On 6 May 2016, a Facebook user published the above-reproduced graphic to the Facebook group “Bernie Sanders for President 2016,” saying in essence that Bernie Sanders trailed Hillary Clinton by just 291 pledged delegates, even though news reports typically included counts of unpledged superdelegates (who won’t officially back candidates until the July 2016 Democratic National Convention) in the candidates’ respective totals (and thereby made Hillary Clinton’s delegate lead seem much larger):
The truth, in black & white (and a tiny bit of red)
Pledged delegate count (as of May 7 NYTimes + Guam pledged)
Difference = 291
Corporate media is still adding in superdelegate “promises” to make it look like HRC has over 2200 and is about to clinch the nomination.
Super delegates still don’t count. Super delegates don’t vote until the convention in July.
At this rate, neither HRC nor Bernie will get to the required 2383 pledged delegates needed to lock up the nomination before the convention.
This race will be decided at the convention.
Finding a current delegate count during primary season is a simple matter. Entering permutations of “Democrat delegate count” into an online search engine typically lead to an up-to-date image and numbers pinned to the top of search results:
Hillary Clinton had earned 1,705 pledged delegates through primaries and caucuses as of 10 May 2016, while Bernie Sanders had earned 1,415. The chart shown here listed superdelegate counts separately from pledged delegate counts, but a bar chart at the top of the chart combined the two to suggest that Clinton held a 774 delegate lead and needed just 155 more delegates to lock up first ballot nomination.
Unlike pledged delegates, superdelegates (who are drawn from the ranks of Democratic National Committee members, distinguished party leaders, members of the United States House of Representatives and Senate, and state governors) can vote for any candidate from the first ballot onwards, but since they don’t express anything more official than a preference until they cast votes at the Democratic National Convention in July 2016, some media outlets have criticized the inclusion of superdelegates in running totals. The Huffington Post, for example, noted that superdelegates can shift their original preferences in favor of stronger candidates right up until convention time, and Barack Obama trailed in superdelegate counts at one point in the 2008 presidential campaign until he secured additional primary victories that drove more superdelegates into his column:
Including super delegates at this point is not only misleading, but downright dishonest because super delegates won’t vote until the Democratic National Convention. As they did for Obama in 2008, super delegates can and will transfer their support to Sanders if the Senator continues to win in primaries and caucuses. To portray Clinton as the clear favorite this early on is a clear fallacy.
Nonetheless, superdelegate counts are not completely meaningless in judging a candidate’s likelihood of securing the nomination, as most superdelegates have endorsed or expressed a clear preference for a particular candidate well ahead of the convention. An Associated Press report from February 2016, for example, suggested that Bernie Sanders’ win in New Hampshire and other states had essentially been nullified by superdelegates:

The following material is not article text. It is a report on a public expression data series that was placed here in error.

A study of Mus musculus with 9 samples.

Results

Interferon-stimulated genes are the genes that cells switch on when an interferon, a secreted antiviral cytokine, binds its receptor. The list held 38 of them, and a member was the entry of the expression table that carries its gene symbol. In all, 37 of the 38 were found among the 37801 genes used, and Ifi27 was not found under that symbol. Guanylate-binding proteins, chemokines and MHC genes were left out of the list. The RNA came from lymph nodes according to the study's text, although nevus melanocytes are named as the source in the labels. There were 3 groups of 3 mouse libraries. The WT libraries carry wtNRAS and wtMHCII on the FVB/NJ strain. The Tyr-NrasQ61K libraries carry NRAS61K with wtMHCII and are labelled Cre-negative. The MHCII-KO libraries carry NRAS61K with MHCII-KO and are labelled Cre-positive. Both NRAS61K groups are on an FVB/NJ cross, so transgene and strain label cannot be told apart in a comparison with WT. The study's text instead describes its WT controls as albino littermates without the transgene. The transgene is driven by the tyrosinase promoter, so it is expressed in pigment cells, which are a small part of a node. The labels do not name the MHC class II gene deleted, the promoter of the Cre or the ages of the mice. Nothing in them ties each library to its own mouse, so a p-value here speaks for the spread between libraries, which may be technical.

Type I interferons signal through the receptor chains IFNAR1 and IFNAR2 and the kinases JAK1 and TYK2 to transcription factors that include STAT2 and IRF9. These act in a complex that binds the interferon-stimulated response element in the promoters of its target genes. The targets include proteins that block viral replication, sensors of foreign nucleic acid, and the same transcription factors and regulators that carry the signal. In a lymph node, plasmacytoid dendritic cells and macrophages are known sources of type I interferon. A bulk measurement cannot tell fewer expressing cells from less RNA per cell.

So much for Bernie Sanders’ big win in New Hampshire.
Since then, Hillary Clinton has picked up endorsements from 87 more superdelegates to the Democratic National Convention, dwarfing Sanders’ gain from the New Hampshire primary, according to a new Associated Press survey. Sanders has added just 11 superdelegate endorsements.
If these party insiders continue to back Clinton overwhelmingly — and they can change their minds — Sanders would have to win the remaining primaries by a landslide just to catch up. He would have to roll up big margins because every Democratic contest awards delegates in proportion to the vote, so even the loser can get some.
However, the issue of superdelegate counts remains a relatively new and confusing one, because as NPR noted back in 2008, no Democratic race had yet been close enough for superdelegates to matter:
[Superdelegates] don’t [significantly affect the nomination process] — usually. That’s because in the past, the battle for the Democratic nomination had been settled fairly early. Michael Dukakis (in 1988) and Bill Clinton (four years later) established themselves as the clear front-runners fairly early in the process. It was even more one-sided in 2000, when Democrats nominated Al Gore, and in 2004, when John Kerry got the nod. The superdelegates really didn’t have much of a role to play. But this time it’s different. Neither Obama nor Clinton is running away with the nomination. And that puts the supers in a position they have never been in before.
The New York Times reported that as of 10 May 2016, 1,102 delegates (pledged and unpledged) remained up for grabs in states which had yet to cast their primary or caucus ballots, so the Democratic race is still certainly far from decided (even if Hillary Clinton remains the likely victor). By 24 May 2016, that number dropped to a difference of 271 delegates between Sanders and Clinton:
Mathematically, the meme shown above is correct. It’s also true that superdelegates are not pledged, don’t cast votes until the national convention is held, and can vote for any delegate on any ballot (regardless of previously expressed preferences). However, superdelegates do typically endorse and express preferences for particular candidates well in advance of the convention, so even though some of them may switch sides before actually voting at the convention, the inclusion of them in candidates’ running delegate totals is not meaningless or disingenuous — although it may ultimately prove inaccurate.